Cold temperatures in school cannot turn on heat

Andrea Frost, Features Editor


The chilly temperatures in the classrooms and hallways have caused many teachers and students to complain and wish that it was a little warm inside the school throughout the day. Liv Smith ’16 is one of the many students that think the school is too cold.

“[The heat] should be turned on earlier because it obviously gets colder here earlier than [Oct 15]. They should change it so students are more comfortable,” Smith said.

Principal John Dodig agrees that the school is freezing but said “there’s nothing we can do about.”

While temperatures may vary from classroom to classroom throughout Staples, overall, the entire school maintains a cold breeze. Smith claims that the science hallway is by far the coldest place in school, while Dodig thinks it’s coldest in teacher’s cafeteria. (He said it must have been 62 degrees in there during a meeting making his fingers “numb.”)  Megan Nuzzo ’15 agrees with Dodig and explained that she could feel the cold air blowing on her during lunch.

However the cold air that Nuzzo felt on her is not the air conditioning. While it may seem like the AC is on, the cold air is really only due to the blowers that bring fresh air into the building from outside. When the temperature drops at night, the blowers have to continue bringing fresh air into the school which leads to the chilly atmosphere.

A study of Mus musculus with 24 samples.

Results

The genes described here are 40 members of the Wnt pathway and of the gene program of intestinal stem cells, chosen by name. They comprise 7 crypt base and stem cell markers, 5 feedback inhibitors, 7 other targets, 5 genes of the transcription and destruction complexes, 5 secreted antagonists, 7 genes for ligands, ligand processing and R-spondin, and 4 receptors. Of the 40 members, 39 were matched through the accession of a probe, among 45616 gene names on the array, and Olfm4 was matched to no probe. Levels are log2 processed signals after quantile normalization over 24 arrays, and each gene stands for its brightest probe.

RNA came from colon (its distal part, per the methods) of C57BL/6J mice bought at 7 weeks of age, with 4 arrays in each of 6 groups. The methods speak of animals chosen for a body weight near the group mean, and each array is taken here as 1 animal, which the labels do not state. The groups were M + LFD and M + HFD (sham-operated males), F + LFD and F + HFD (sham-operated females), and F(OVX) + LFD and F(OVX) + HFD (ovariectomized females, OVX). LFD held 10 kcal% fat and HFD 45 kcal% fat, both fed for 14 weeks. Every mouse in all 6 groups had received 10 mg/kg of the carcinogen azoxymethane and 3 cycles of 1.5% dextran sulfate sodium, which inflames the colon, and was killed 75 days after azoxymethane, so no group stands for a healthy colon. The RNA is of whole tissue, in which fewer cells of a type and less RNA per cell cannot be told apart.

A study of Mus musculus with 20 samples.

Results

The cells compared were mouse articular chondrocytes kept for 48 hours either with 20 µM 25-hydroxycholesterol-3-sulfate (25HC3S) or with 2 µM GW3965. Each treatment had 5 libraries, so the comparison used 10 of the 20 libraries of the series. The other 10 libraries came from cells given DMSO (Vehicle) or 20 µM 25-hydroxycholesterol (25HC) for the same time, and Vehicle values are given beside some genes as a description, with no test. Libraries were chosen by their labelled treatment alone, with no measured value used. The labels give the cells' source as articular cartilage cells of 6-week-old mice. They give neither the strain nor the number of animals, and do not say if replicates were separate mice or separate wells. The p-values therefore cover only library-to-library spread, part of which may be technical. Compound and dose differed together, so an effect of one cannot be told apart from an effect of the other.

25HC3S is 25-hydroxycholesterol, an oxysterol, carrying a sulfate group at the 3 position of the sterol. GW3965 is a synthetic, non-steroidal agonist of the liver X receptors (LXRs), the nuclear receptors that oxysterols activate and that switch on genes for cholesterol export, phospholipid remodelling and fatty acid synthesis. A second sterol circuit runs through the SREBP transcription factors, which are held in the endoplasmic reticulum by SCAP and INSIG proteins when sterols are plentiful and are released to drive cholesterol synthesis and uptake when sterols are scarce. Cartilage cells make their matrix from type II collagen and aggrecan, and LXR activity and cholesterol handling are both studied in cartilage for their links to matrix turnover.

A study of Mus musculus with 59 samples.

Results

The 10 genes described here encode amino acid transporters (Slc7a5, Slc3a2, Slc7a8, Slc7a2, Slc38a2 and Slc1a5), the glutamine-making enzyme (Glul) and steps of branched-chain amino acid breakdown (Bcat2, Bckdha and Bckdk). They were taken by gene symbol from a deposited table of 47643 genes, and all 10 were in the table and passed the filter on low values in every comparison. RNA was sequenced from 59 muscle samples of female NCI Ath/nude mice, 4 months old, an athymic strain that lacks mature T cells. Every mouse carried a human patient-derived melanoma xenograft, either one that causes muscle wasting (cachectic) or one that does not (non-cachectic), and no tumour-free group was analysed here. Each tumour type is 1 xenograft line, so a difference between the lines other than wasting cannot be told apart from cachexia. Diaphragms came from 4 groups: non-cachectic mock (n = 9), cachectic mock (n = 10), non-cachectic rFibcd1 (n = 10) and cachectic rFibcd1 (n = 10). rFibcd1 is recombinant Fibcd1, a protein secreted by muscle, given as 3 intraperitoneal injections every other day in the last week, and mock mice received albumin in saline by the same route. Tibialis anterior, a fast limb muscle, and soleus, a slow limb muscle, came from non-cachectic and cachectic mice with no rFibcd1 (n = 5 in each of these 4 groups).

Kevin Watt ’15 thinks that the temperatures of the school is “ridiculous.” and should be representative of the temperature outside and not depend on a particular date.  But according to Dodig, the heat cannot be turned on at the flip of a switch.

When this new school was built, the district had to decide whether to install a two pipe or a four-pipe system. A four-pipe system would allow the school to have heat or air conditioning whenever wanted depending on the weather. However due to the cost, a two-pipe system was installed, which means the school either has air conditioning or heat, but cannot have both at the same time.

The heat goes on not only in Staples, but also throughout all Westport Public Schools on Oct 15. This date, chosen by the district, cannot be changed due to the fact that the boilers have to be cleaned out approximately three – four days before.

While Rebecca Stern, a math teacher at Staples, sometimes has to drink two to three cups of tea a day to keep warm, she still tries to have a positive outlook on the situation.

“I try to be as optimistic as possible assuming that the person who decided on October 15th as the day to turn on the heat used as much information as was available to him/her to decide when an appropriate date to start the heat was,” said Stern.

Nevertheless, until Oct 15, the school will continue to be the same cold temperatures. Dodig sent out an email to all the teachers that advised them to wear warm clothes that can be layered to school.

Megan Nuzzo, ’15, agreed that dressing warmer makes a big difference, but it’s still cold even in long sleeves and long pants.

“I shouldn’t have to be wearing a winter sweater in the middle of September!” she said.